One of the first emails I received after being accepted at K-State was an invitation to take Lead 212, Introduction to Leadership Studies. I had toured the Leadership Studies Building during my campus visit, and the class sounded interesting. I also figured a leadership minor would be a good boost to my resume. After taking the class, I quickly changed my mind.
The class is divided into two segments. The first part of the class is a large lecture where a teacher goes over different theories of leadership. After the hour-long lecture, students join their small groups, or learning communities, for an additional hour where an upperclassman that has already taken Lead 212 talks about key points of the lecture and guides the group through two community service projects.
The lecture portion wasn’t completely useless. We discussed StrengthsQuest in great detail, as well as the Myers-Briggs Personality test. I’ve used the results from both of those quizzes to answer prompts in scholarship and internship applications. Those were probably the most beneficial parts of the class for me, but neither really have much to do with leadership. They also aren’t worth the steep price of $261 a credit hour.
The community service projects were a disaster. Putting a bunch of “leaders” in a group and expecting them to work together is one my biggest problems with leadership studies. People had their own opinions and own ideas on how the projects should be run, and no one was willing to make compromises. Some people wouldn’t communicate, some wouldn’t follow deadlines and some exhibited no leadership attributes at all, making me wonder what criteria are used to invite people into the program in the first place. It isn’t just an issue in the intro class either; my roommate is currently in an upper-level leadership class and still comes home frustrated about her group projects.
Honestly, the whole leadership studies minor boils down to one question: Can you teach someone to be a leader? Sure, you can provide personality tests, give examples of great leaders, talk about different leadership theories and thrust people into community service projects, but can you actually teach them to lead?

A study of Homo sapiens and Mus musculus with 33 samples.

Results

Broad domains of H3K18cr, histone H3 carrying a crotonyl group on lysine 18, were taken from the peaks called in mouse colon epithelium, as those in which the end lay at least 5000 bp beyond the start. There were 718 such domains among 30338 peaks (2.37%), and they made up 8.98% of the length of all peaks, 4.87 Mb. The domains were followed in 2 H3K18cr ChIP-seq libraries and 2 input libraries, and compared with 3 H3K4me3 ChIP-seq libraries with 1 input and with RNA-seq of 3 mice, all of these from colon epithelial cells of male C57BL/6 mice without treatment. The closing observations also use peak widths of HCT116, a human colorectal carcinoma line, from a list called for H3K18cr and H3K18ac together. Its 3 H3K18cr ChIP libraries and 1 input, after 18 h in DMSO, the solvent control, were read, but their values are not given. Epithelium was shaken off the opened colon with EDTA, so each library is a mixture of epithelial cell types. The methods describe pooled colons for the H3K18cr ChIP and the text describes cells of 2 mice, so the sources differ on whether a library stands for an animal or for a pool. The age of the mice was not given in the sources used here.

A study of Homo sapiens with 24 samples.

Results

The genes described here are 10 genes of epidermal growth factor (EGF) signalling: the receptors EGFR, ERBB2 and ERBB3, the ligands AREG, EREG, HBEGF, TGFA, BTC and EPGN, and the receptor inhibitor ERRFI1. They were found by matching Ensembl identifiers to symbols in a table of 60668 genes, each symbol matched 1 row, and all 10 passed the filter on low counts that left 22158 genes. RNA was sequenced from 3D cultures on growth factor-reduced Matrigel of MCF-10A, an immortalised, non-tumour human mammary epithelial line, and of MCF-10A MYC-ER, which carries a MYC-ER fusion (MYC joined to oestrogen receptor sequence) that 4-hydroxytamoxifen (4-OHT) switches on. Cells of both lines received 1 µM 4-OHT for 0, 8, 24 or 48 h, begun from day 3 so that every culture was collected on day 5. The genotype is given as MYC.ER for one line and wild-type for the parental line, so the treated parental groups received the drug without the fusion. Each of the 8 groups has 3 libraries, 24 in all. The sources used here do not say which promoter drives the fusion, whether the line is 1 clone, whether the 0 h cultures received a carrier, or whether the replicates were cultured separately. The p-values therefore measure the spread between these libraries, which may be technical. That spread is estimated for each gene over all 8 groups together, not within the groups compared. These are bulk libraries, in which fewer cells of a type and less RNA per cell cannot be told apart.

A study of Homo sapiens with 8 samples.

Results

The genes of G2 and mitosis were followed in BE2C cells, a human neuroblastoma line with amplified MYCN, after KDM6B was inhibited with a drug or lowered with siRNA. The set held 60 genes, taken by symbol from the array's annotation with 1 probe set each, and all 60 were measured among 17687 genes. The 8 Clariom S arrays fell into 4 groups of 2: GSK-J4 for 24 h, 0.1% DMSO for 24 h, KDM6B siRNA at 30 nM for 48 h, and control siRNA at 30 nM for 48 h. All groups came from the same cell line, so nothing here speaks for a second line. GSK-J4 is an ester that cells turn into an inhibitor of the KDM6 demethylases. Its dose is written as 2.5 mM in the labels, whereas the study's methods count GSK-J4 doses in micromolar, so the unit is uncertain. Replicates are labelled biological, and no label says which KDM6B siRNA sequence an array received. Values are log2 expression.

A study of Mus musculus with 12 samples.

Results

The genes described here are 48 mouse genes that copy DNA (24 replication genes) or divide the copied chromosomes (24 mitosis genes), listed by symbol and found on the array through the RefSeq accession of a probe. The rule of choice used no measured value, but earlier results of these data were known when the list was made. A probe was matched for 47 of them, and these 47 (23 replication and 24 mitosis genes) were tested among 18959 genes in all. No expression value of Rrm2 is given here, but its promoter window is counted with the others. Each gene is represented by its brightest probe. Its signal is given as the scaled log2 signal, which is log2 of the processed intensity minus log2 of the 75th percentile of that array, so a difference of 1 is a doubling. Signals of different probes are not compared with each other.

After taking the class, which is designed around the premise that yes, anyone can be a leader, I disagree. The group projects actually enforced my views on this. Even after learning our strengths and what qualities make a good leader, I didn’t see anyone’s leadership qualities change over the course of the semester.
Many people enroll in the minor because they believe it will help them stand out in the job market. This is only half true. According to the cnbc.com article, “Six college courses that help grads land jobs” by Kelli Grant, many employers are more interested in graduates from STEM classes, science, technology, engineering and mathematics, especially for liberal arts majors who usually have a gap in that area of their education. The article said that a leadership studies minor is helpful for the natural science or math based majors, since they do not take many classes teaching teamwork or other types of social interaction.
However, when I took the class, I was the only biology major in my group, and there were no engineering or math majors. Most of the students were political science or kinesiology majors, which are among the majors shown to not benefit from having a leadership studies minor.
There’s also the question of the Leadership Studies Building itself. I understand that K-State does not really control where money goes for different buildings. People donate large sums of money with the stipulation that the money be used for a designated project. For example, Dave and Kristen Dreiling donated $500,000 to be used for the new College of Business Administration building, and Dolese Bros. Co. donated $70 million to be used in the College of Engineering, according to the K-State website. However, it still seems strange to me that arguably the nicest building on K-State’s campus was built for a minor. I’ve had classes in some pretty disgusting lecture halls and hear talk from both students and professors in different colleges about the terrible conditions and lack of space in their buildings. So why do we have a beautiful building devoted to one minor, when we have countless majors that share buildings that are falling into disrepair?
I’m not saying that there aren’t good qualities about the leadership studies program. The volunteer organizations, like HandsOn Kansas State or the international service teams have helped countless people in the Manhattan community and beyond. The building itself is LEED certified, meaning that it meets U.S. Green Building Council certification of environmental sustainability. And the minor can look good on a resume, especially for engineers or other math and science based majors.
As for me, I don’t think it’s worth it. People either have leadership traits or they don’t. Learning about what makes a good leader doesn’t make you into one, and the current group projects don’t give students much of a chance to actually implement leadership skills. There are some things with the leadership studies program that sound good on paper, but just can’t be implemented in reality.
Lauren Komer is a sophomore in microbiology. Please send comments to email@example.com.